7 Easy Ways To Turn Trader Joe's Cauliflower Gnocchi Into A Delicious, Anti-Inflammatory Dinner
It's no secret that the healthy food world is obsessed with Trader Joe's Cauliflower Gnocchi. If you make them the right way (here's the secret!), they're the perfect quick, gluten-free dinner to satisfy any pasta craving. Cauliflower is one of the best anti-inflammatory foods around, but combined with research-backed inflammation-fighting foods like cardamom, sweet potato, kale, and extra-virgin olive oil, it becomes one of the healthiest dinners around.
With that in mind, we created seven anti-inflammatory pasta sauces to jazz up an easy 10-minute dinner.
Cardamom Basil Lime Pesto
This recipe takes classic pesto and turns it into a bright, vaguely Middle Eastern–inspired dish, perfect for when you're in the doldrums of winter. Plus, the lime zest and juice contain skin-boosting vitamin C to brighten any seasonal dullness. Just add a handful of basil, 3 cloves of garlic, lime juice and zest, a pinch of salt, a pinch of ground cardamom, and a handful of pistachios to a blender or food processor fitted with the metal blade. Process, drizzling in olive oil until a sauce forms, until smooth with some texture. Pan-fry the gnocchi until crispy using no water, then toss with the sauce and serve immediately.
This one works with any hearty seasonal green (think collards or Swiss chard)—just wash, tear the leafy parts from the stem, and rip into bite-size pieces. You want to use more than you think; it'll wilt down quite a bit. Smash a few cloves of garlic, remove the skins, and add to a large skillet with a glug of good-quality extra-virgin olive oil, then add a generous pinch of fine-grain sea salt, the kale, and the cauliflower gnocchi. Saute over medium-high heat, stirring occasionally, until kale is wilted and gnocchi is golden brown and crispy. Remove the garlic (its flavor will have fully permeated by now), top with red pepper flakes, and serve.
Restaurant-style Classic Marinara
There are two secrets to making restaurant-level classic red sauce at home (without slaving over a hot stove for hours): starting with a high-quality jarred sauce, and finishing with olive oil. Celebrities and food experts from Ina Garten to Jenny Rosentrach swear by Rao's Homemade, which doesn't contain any sugar or funky additives, and I agree—it has a bright, fresh tomato flavor that assuages any guilt about not going homemade. Pan-fry your gnocchi using no water, then toss with some of the tomato sauce to coat. Serve, and top with secret ingredient two: a drizzle of high-quality olive oil. Extra-virgin olive oil is used similarly to salt in many Italian dishes to finish and enliven existing flavors rather than add a strong flavor of its own. With classic tomato sauce, it does just that, giving it that "can't-put-your-finger-on-it" restaurant quality. Just make sure it's a high-quality oil (you'll want vegetal notes and a bit of burn when you sip it straight)—I like Lucini and California Olive Ranch, which you can find at most grocery stores (including Costco!).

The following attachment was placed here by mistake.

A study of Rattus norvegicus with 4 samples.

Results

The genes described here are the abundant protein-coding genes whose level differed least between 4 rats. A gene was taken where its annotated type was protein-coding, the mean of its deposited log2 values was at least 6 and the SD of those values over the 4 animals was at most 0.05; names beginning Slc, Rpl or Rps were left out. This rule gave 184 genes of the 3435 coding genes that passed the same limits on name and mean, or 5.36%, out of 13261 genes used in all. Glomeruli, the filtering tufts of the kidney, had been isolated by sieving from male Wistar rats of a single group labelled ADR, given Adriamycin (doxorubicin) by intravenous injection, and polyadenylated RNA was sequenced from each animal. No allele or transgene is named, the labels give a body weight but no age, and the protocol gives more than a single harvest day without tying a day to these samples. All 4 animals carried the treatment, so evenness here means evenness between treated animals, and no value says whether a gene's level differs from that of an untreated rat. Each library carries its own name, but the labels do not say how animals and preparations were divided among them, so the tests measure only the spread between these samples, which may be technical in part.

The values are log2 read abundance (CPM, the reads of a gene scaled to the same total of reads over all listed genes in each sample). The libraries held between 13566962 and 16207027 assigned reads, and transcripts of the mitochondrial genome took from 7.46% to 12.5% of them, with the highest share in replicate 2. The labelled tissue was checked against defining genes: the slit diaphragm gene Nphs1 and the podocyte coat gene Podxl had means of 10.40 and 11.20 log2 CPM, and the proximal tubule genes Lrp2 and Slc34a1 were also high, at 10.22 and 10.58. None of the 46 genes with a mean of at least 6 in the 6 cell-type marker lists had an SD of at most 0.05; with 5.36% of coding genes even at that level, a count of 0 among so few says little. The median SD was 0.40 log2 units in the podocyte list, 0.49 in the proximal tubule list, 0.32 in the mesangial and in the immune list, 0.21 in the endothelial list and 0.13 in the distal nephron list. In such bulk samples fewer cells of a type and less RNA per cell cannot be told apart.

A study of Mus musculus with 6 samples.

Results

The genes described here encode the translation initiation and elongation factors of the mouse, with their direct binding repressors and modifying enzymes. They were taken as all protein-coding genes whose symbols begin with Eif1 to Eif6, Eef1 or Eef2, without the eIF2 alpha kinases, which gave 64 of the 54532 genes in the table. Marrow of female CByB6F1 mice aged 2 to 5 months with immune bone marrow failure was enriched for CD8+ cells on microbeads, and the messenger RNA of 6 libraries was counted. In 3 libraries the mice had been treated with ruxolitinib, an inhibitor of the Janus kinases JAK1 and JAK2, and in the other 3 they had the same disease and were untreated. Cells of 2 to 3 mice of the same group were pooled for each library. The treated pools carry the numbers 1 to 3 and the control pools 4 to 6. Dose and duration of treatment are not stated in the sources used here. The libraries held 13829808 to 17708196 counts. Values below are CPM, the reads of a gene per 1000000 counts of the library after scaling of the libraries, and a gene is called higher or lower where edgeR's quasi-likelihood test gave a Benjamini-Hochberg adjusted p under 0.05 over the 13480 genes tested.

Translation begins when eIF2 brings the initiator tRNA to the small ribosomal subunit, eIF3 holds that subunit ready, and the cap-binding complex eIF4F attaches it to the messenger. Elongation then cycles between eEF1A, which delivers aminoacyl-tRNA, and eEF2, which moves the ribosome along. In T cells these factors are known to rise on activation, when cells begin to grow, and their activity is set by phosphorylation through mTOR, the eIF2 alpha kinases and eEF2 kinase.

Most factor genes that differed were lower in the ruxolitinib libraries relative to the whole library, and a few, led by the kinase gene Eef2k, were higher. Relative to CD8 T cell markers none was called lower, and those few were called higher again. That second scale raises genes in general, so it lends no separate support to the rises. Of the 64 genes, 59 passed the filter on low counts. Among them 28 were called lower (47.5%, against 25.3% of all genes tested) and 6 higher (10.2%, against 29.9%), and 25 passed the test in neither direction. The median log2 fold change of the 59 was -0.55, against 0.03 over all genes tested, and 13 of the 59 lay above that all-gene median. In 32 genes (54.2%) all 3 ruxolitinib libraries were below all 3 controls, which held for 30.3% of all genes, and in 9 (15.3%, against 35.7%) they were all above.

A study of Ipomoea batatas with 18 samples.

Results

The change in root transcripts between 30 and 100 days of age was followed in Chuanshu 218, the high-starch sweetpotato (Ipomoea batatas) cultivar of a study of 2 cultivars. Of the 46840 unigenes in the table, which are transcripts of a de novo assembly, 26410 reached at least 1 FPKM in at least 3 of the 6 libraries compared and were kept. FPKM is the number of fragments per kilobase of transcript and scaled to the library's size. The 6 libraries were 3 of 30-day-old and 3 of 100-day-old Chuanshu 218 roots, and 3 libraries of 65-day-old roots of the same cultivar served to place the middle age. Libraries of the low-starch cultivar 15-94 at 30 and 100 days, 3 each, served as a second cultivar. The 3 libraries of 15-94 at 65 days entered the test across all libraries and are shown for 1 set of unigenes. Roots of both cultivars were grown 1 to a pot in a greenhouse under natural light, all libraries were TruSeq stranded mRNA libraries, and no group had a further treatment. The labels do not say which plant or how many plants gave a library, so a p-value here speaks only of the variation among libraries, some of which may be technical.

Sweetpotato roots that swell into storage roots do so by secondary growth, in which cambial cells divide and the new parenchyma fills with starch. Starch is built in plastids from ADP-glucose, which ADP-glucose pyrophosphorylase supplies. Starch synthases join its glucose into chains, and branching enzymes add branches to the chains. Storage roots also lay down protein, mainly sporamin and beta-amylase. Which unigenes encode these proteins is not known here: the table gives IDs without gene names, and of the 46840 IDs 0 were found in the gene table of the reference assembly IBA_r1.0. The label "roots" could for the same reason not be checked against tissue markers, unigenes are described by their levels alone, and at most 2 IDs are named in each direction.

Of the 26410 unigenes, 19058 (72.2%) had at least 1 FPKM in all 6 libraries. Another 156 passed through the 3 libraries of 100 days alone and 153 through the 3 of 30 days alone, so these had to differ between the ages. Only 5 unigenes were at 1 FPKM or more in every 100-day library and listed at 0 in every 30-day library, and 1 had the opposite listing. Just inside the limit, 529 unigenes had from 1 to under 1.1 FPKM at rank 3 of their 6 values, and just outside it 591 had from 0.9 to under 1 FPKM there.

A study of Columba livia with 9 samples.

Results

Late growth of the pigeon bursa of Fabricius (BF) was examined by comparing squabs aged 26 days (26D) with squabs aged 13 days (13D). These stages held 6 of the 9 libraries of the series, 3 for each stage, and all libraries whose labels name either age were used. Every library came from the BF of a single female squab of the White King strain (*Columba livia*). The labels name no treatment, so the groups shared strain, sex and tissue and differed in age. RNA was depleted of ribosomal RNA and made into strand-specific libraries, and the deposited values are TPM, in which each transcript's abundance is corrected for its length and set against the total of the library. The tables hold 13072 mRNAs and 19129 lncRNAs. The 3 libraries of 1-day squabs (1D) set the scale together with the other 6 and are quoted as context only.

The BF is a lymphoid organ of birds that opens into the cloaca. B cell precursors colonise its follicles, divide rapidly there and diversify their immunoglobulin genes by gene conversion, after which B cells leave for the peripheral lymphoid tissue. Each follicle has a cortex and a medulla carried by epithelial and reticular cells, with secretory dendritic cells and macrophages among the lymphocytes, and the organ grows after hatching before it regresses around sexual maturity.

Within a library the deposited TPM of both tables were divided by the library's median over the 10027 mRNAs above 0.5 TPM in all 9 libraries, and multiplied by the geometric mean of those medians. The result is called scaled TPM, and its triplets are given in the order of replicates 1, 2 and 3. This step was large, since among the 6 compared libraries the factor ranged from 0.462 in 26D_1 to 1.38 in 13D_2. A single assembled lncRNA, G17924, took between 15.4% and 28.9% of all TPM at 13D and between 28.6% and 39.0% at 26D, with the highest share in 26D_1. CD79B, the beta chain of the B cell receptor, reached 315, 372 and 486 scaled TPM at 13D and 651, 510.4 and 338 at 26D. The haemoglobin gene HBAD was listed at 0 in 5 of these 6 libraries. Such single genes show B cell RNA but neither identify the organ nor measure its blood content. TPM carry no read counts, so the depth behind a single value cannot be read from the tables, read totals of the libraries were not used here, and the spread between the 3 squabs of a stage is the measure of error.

Harissa and Chickpeas
This one's easy—prepare your gnocchi as if you were following the restaurant-style marinara sauce instructions, but swap in North African harissa paste for a spicy change for your taste buds and add some protein-packed chickpeas for a dash of blood-sugar balance. Originating from Tunisia, harissa is a pepper-based sauce that's becoming increasingly common in the United States, and for good reason. Piquant, bold, and utterly addictive, it'll become a new staple. Different types of harissa have different levels of spice and amounts of liquid, so always taste before adding to your gnocchi—if it's too spicy, add some plain tomato paste to calm it down, and if it needs more liquid, add water, a tablespoon at a time, to thin it out (I love New York Shuk, which has the most balanced, authentic spice profile of any harissa I've tried). Pan-fry the gnocchi with rinsed, drained chickpeas in high-quality extra-virgin olive oil, then toss with the harissa, a final drizzle of the oil, and salt to taste.
Sweet Potato Sage
The perfect sauce to eat when you're cozied up on a chilly fall or winter day, this one bursts with seasonal flavors. To make it, peel and chop a sweet potato into ¾-inch cubes. Melt a few tablespoons of grass-fed ghee in a large skillet, then add the sweet potato, gnocchi, and 5 or 6 sage leaves, torn into small pieces. Cook, stirring occasionally, until the sweet potatoes are falling apart slightly, the sage is crispy, and the gnocchi is browned. Toss to combine well and serve immediately.
Crispy Broccoli and Lemon
Rough chop about the same amount of broccoli as the amount of gnocchi you're preparing until each piece is about one-quarter of the size of the gnocchi (stems and all!). Warm avocado oil in a large skillet over medium-high, then add the broccoli, a generous pinch of fine-grain sea salt, and the gnocchi. Saute until both the broccoli and gnocchi are golden brown and crispy, then top with lemon zest and juice. Finish with a final drizzle of olive oil and additional salt to taste.
If you're really looking to load up on those healthy, mitochondria-supporting fats, this is the sauce for you. In a food processor fitted with the metal blade, process 1 avocado, the zest and juice of 1 lemon, 2 garlic cloves, a handful of soft herbs of your choice (basil, cilantro, and parsley all work well), and a generous pinch of salt until smooth. Pan-fry the gnocchi using no water; when they're golden brown and crispy, toss with the sauce. Finish with red pepper flakes and some fresh-ground black pepper.